Electric commercial vehicles are on the march. In July this year, the US Postal Service modified an order for 50,000 mail trucks that it had placed with Oshkosh Defence only a few months earlier so that it could include far more EVs. Petrol powered vehicles were due to make up 90% of the order, but following pressure from the Biden administration, environmental groups and several US states, the deal has been modified so that about half of the Oshkosh vehicles will be electric. Adding in orders from other manufacturers, some of which are also expected to include EVs, the USPS will have 84,500 new vehicles on order, of which at least 40% will be electric. Also in the US, the giant retailer Walmart wants to buy 4,500 of new entrant Canoo’s Lifestyle Delivery Vehicle EVs – that’s on top of 5,000 vehicles ordered from BrightDrop, General Motors’ commercial EV arm. In the UK, electric commercial vehicles are on the up too, with Stellantis turning the former Vauxhall plant at Ellesmere Port into a centre for the production of light electric commercial vehicles.
It’s not surprising that electric vans are catching on. The merits of electric vehicles for local deliveries have always been there and some of the characteristics that made electric power suitable for milk floats still apply today. An electric vehicle is far less faff when it comes to any delivery job that involves constantly jumping in and out of the driver’s seat, and quiet electric power is far less intrusive in peaceful residential areas. Even a full daily schedule of deliveries in denser urban areas may only involve a lowish double-figure mileage – well within range for most electrics with a full overnight charge. Urban stop-start driving also allows an EV to exploit regenerative braking to the full, boosting range, while a smooth and quiet electric powertrain means low in-cab noise levels and less fatigue for the driver.
Low-emission zones in built-up areas are likely to become increasingly common, and not just in London. In 2020, the UK government placed a legal direction on Manchester requiring it to bring down vehicle emissions. The response was a plan for a Clean Air Zone that was due to be introduced in May this year, an initiative that has now stalled thanks to local opposition. A revised scheme that involves shifting the emphasis from charging polluting vehicles to enter the zone in favour of providing operators with support to clean up their vehicles now seems to be on the cards. Depending on the precise shape these measures take in cities around the country, they will either shift the balance of financial advantage in favour of electric vehicles or possibly squeeze out internal combustion engined vans altogether. So while a lot of operators are probably going to baulk at the high initial cost of investing in electric vans, the operating advantages appear to be fairly clear-cut.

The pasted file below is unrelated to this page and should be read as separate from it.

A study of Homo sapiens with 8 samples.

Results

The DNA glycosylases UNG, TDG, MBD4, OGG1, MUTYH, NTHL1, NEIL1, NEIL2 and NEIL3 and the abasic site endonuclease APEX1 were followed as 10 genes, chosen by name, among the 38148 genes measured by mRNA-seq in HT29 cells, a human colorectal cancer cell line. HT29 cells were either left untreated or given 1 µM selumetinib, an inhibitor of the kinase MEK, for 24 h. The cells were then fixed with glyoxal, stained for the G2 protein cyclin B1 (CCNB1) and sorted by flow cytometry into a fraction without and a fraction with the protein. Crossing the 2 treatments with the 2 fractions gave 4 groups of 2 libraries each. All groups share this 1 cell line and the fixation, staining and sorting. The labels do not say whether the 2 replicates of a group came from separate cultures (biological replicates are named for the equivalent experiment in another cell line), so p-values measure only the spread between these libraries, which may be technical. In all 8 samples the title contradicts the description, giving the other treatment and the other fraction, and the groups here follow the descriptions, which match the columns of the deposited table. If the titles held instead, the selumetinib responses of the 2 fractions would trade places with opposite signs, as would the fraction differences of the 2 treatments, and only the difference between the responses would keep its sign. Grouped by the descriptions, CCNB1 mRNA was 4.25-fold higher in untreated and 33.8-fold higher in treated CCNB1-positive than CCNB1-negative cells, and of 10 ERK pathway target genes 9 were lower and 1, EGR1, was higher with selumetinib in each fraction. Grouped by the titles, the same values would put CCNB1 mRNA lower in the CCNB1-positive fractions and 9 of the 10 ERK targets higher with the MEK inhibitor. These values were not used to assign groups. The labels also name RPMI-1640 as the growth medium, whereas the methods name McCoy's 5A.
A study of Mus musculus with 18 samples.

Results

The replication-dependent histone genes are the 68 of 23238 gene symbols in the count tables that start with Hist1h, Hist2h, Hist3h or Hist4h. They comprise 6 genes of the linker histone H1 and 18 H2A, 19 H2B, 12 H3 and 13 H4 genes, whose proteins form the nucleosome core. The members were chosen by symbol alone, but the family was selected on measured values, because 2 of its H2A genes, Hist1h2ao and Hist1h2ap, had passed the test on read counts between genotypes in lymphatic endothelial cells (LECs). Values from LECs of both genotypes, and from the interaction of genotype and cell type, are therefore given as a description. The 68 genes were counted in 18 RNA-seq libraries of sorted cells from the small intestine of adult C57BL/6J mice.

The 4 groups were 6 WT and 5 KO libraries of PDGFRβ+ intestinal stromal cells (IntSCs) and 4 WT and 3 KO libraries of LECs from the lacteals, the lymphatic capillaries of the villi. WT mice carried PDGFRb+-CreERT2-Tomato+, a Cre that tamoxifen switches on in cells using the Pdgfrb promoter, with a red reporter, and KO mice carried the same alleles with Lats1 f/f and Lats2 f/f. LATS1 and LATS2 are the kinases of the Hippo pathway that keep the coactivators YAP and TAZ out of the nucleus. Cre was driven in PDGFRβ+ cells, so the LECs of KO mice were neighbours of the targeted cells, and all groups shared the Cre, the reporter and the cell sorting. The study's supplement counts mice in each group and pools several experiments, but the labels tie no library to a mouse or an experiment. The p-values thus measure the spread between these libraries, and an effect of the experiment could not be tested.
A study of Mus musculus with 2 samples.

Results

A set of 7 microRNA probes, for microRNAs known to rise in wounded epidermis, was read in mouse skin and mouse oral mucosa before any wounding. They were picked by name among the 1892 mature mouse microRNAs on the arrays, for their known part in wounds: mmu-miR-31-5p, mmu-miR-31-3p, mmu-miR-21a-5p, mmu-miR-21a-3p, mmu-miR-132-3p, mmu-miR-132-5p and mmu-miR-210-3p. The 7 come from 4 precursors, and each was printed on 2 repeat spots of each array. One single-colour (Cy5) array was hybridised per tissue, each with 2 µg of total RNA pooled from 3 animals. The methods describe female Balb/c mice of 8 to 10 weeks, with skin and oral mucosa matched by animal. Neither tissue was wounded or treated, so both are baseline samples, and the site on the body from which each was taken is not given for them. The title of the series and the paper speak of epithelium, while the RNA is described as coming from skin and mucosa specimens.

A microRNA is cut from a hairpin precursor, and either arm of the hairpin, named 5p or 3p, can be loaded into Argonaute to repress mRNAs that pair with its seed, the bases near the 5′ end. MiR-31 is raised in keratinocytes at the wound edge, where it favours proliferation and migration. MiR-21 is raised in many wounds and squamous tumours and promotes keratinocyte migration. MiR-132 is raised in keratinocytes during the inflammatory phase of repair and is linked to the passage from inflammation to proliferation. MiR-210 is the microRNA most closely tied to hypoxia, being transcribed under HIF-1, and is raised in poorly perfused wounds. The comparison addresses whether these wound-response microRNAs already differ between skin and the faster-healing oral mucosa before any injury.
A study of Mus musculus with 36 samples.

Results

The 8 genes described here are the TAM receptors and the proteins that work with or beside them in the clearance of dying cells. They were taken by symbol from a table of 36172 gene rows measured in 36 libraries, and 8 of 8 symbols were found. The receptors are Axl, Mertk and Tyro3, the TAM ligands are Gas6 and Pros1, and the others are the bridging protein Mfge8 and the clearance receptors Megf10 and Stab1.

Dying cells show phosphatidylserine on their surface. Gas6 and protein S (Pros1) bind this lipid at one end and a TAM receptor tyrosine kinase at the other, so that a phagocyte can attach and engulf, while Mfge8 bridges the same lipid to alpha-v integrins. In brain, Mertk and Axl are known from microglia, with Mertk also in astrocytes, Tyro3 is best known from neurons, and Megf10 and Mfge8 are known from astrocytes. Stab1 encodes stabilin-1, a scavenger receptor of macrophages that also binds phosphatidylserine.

The way forward is less clear when it comes to commercial vehicles in higher weight classes, or those which are expected to cover longer distances. Here, the weight, bulk and expense of batteries are going to make it harder to get the sums to add up, but electric is, nevertheless nibbling away at some of the more specialised applications in larger vehicle categories. Case is offering an electric backhoe loader, the 580 EV, and several UK cities have introduced electric bin lorries – from Dennis Eagle in Nottingham and Faun in Cambridge, to name just two examples. In June, the London Fire Brigade announced that it would start trialling an electric-hybrid fire appliance at its Hammersmith fire station. The new blue light vehicle will apparently run mainly on electricity, with a small petrol engine operating as a range extender.
And there are some mainstream electric delivery trucks as well. We recently had the chance to try two of the latest models, the Fuso eCanter and the larger DAF Trucks LF Electric, and we were very impressed. The Canter comes from the former Mitsubishi trucks operation which is now owned by Mercedes-Benz. The positioning of the cab over the front wheels makes for a slightly jiggly ride, but the relaxing smoothness of the electric powertrain still shines through. The bigger and heavier British-built DAF just glides along.
It’s still going to be hard to clean up the biggest continent crossing 44-tonne artics, but the Tesla Semi promises to do this for the US equivalent, the Class 8 truck class. Only time will tell.